2005-06-24 / Community

Historical Views of the Rockaways

The Beach Channel Train And Fishing Station
From The Rockaway Museum by Emil Lucev, Curator Dedicated To The Memory Of Leon S. Locke


The Beach Channel Train And Fishing Station – 1888 to 1903

From The Rockaway Museum
by Emil Lucev, Curator
Dedicated To The Memory Of Leon S. Locke

It has been 102 years since the once famous fishing station was destroyed by fire. When the “A” train to Rockaway Park or Far Rockaway (of the NYC IND Rapid Transit System) leaves Broad Channel Station, it first crosses the waterway known as Broad Channel, and then runs over a landfill island.

Next is a trestle portion which grades upward to the Beach Channel Swing Bride; over Beach Channel, of course. Then a downgrade leads to a grade separation for the rise east to Far Rockaway, or west to Rockaway Park.

Seven years after the New York, Woodhaven and Rockaway Railroad opened its trestle route over Jamaica Bay to the Rockaway Peninsula, the opening of The Raunt and Goose Creek fishing stations on the railroads trestlework and right of way in the areas mentioned, spurred Thomas A. Smith of Freeport, Long Island, who was an ex-congressman from the town of Hempstead, to lease trestle bents 135 to 161, located about halfway between Broad Channel and Rockaway Beach. At this point the trestle crossed a relatively shallow spot called Long Bar.

At low tide, Long Bar has about a foot of water on its claw shaped perimeter, with a small patch of marsh at the center of a spike-shaped bit of sand above water. Railroad leases usually ran for five years and were renewable. On both sides of the trestle, Smith built a fishing station where meals were served, and fishing tackle could be rented as well as 25 boats.

Later, a two-story house (42’ x 50’) and two hotels were added, with a hotel on each side. At this time there was a railroad drawbridge across Broad Channel and another over Broad Channel. Beach Channel Station opened for the 1888 fishing season and was an instant success.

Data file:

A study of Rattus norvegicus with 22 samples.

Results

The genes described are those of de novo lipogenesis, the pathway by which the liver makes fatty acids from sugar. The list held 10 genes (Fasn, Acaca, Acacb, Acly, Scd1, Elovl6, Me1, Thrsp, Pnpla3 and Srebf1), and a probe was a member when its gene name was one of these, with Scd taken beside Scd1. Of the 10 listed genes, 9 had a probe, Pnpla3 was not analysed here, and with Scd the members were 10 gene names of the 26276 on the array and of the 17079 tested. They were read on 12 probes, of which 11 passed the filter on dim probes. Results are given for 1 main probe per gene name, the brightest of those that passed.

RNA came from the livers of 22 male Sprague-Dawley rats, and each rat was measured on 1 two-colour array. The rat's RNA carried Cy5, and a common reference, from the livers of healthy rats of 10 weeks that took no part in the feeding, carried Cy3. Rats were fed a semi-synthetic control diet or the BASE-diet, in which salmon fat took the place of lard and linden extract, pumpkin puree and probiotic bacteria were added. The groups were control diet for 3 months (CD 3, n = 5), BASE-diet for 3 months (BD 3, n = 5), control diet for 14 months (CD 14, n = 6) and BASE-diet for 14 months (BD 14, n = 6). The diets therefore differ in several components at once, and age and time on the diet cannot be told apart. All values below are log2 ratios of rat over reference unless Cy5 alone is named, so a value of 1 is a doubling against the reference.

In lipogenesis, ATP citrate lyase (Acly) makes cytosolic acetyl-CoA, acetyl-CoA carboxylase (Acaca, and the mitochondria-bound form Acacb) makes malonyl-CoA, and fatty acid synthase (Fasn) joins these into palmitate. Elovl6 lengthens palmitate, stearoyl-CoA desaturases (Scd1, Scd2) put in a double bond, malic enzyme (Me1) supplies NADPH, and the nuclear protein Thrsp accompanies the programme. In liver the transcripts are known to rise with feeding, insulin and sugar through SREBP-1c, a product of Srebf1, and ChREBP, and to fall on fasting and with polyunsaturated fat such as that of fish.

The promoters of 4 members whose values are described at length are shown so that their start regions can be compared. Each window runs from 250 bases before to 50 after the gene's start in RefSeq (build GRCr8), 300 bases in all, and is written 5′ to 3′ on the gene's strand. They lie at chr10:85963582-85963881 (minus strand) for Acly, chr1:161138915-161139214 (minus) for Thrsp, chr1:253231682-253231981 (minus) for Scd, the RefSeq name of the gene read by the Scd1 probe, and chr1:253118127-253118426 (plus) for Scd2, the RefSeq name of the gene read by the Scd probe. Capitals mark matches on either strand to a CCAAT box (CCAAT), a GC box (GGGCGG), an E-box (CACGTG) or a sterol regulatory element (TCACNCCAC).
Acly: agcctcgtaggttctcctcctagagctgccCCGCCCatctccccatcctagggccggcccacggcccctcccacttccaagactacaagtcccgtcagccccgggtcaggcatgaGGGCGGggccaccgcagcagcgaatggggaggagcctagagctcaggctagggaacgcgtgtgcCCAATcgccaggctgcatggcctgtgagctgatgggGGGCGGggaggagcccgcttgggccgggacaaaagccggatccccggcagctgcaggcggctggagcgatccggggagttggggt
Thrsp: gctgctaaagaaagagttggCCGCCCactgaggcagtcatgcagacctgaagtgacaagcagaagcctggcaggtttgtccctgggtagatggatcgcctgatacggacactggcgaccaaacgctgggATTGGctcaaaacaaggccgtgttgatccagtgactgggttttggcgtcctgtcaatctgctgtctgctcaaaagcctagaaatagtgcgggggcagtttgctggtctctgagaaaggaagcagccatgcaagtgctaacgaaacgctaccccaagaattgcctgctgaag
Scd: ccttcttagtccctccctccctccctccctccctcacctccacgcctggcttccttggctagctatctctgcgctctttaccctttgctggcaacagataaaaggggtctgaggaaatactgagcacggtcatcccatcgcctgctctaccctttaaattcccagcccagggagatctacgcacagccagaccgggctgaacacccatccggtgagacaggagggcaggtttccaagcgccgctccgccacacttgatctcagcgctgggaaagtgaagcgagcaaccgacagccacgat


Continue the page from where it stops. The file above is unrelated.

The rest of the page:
The map appearing today was taken from a fisherman’s map of Jamaica Bay, published for anglers of the time. The base map used by the published was 1879 vintage.

As time went by, the place changed hands, time unknown, to Dr. J.C. Ubert, a Brooklyn druggist. At about 3 a.m. on Sunday morning, December 11, 1903, Dr. Ubert’s hotel caught fire. The alarm was given by a beach resident and a telegraph operator. By the time the firemen got there, the hotel and three hundred feet of trestle had already been lost. Bucket brigades and a favorable wind caused the buildings of the opposite side to be saved. The firemen had to walk out onto the trestle from the Broad Channel and Rockaway sides due to the blazing creosoted timber of the trestlework, and dipped their buckets into the cold bay waters. After a long while the fire was extinguished.

The doctor had no insurance and his loss was said to be about $5,000, with the railroad reporting about $3,000 in damages.

It was said that the doctor used the place infrequently during the off-season. He was expecting a party down for dinner on that Sunday and it was feared that he was lost in the flames. When he arrived on the scene, as fast as he could from Brooklyn after he received word of the fire, all were relieved.

After the fire the railroad discontinued the stop, and after the station abandonment proceedings, the buildings that remained were moved to Bayside Place (Beach 84 Street and the bayfront).

As a result of the fire, train service over the bay was lost for about a week, while service was rerouted via Far Rockaway and Jamaica Station. Civic leaders demanded better fire protection by fireboat service in the bay area, and better transportation via a crossbay road.

Forty years later, The Wave published a story about the fire, stating that the good doctor used the hotel between seasons as a laboratory to work out new remedies and to manufacture medicines, which he sold to druggists in other parts of the city. The source of this information was not given, and I will leave the final verdict up to you.

Fire, ice and shipworm damage and other assorted problems led to the city filling in the route over the bay in the early 1950’s.